After Morsi’s ouster, a second chance for Obama in Egypt
The administration may have talked the talk of economic reform, but U.S. emissaries went to Cairo with checks, as though the money would keep flowing no matter how ill-conceived the Brotherhood’s populist economic policies. The administration pronounced on civil rights and tolerance, but it did nothing when journalists, activists and ordinary citizens were jailed for blaspheming Islam or insulting the president. And there can be no greater riposte to the American retreat in support of civil society, reflected in our spinelessness in the face of the prosecution of U.S. pro-democracy activists, than the millions of Egyptians who have filled streets in recent days to take back their country…
But with the army back in the saddle, it would also be criminal for the administration to repeat the errors of the last episode of military rule, when everything was sacrificed on the altar of stability. Gen. Abdel Fatah al-Sissi, the new white knight, is no more a democrat than Tantawi, though he may be more adept. Washington needs to be more adept, too.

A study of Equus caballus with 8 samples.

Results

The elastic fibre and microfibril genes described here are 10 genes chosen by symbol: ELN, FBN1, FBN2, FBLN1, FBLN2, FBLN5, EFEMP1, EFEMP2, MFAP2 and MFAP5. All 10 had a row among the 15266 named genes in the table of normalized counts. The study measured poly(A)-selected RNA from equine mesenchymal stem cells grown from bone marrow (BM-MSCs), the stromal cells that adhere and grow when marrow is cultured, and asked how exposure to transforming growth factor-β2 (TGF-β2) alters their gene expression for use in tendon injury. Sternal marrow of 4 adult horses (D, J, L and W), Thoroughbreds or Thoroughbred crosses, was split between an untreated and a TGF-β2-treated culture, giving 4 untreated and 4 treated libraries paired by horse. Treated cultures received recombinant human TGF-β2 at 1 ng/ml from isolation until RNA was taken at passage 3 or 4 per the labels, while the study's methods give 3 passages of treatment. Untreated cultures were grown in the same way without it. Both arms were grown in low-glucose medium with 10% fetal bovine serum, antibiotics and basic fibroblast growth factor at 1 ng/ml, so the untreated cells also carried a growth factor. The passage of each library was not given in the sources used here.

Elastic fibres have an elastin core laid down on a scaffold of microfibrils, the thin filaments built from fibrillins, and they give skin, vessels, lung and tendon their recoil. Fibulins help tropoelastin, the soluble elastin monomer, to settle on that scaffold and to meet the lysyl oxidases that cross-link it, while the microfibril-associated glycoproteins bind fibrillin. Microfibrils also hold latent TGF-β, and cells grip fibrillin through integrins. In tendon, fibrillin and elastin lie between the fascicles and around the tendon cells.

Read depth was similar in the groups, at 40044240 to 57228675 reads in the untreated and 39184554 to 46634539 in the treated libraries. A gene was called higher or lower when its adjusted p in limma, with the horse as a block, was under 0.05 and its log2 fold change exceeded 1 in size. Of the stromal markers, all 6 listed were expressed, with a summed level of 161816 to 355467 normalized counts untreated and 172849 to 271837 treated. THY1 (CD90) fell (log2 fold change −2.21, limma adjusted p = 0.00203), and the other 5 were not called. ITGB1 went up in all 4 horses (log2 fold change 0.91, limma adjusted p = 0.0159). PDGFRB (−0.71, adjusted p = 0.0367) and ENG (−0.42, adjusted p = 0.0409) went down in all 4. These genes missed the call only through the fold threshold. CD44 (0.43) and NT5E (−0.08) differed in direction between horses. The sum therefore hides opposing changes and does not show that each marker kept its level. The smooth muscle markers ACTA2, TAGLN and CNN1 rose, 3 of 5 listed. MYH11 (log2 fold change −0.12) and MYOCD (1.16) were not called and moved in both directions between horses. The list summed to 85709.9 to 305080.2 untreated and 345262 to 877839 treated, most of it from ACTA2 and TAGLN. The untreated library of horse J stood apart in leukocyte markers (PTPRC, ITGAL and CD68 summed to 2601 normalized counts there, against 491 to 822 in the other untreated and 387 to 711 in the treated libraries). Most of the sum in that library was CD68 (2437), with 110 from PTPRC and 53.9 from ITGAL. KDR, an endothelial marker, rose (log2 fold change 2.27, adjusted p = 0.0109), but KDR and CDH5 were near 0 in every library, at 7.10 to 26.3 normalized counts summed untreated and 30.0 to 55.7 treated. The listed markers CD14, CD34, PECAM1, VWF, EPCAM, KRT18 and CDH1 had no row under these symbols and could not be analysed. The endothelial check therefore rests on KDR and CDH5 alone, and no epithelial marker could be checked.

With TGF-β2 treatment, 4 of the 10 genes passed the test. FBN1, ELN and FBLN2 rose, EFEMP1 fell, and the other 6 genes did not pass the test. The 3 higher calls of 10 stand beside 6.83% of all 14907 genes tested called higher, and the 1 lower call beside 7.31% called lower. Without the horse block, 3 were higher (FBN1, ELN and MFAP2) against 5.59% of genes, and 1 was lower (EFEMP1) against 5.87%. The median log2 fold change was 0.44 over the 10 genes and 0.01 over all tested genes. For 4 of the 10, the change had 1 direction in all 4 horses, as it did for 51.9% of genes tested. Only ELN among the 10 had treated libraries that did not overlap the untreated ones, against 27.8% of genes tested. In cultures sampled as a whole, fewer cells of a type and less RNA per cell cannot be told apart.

Obama has frequently said that the United States rejects the false choice between democracy or stability; nowhere is this more apropos than Egypt. In the post-Morsi world, Washington should articulate a policy in which our support for Egypt is conditioned not just on Egypt’s peace with Israel but also on continual movement toward building a democratic, pluralistic government that pursues sound economic policies. In practice, that means engaging broadly with Egypt’s political spectrum, not just the ruling party; offering vocal defense of minorities (Christians, Bahai’s, Shiites); reinvesting in civil society programs that help Egyptians translate their street activism into political organization; and leading a disciplined “friends of Egypt” grouping that promises substantial financial assistance but only to cushion the impact of overdue cuts in bloated subsidies.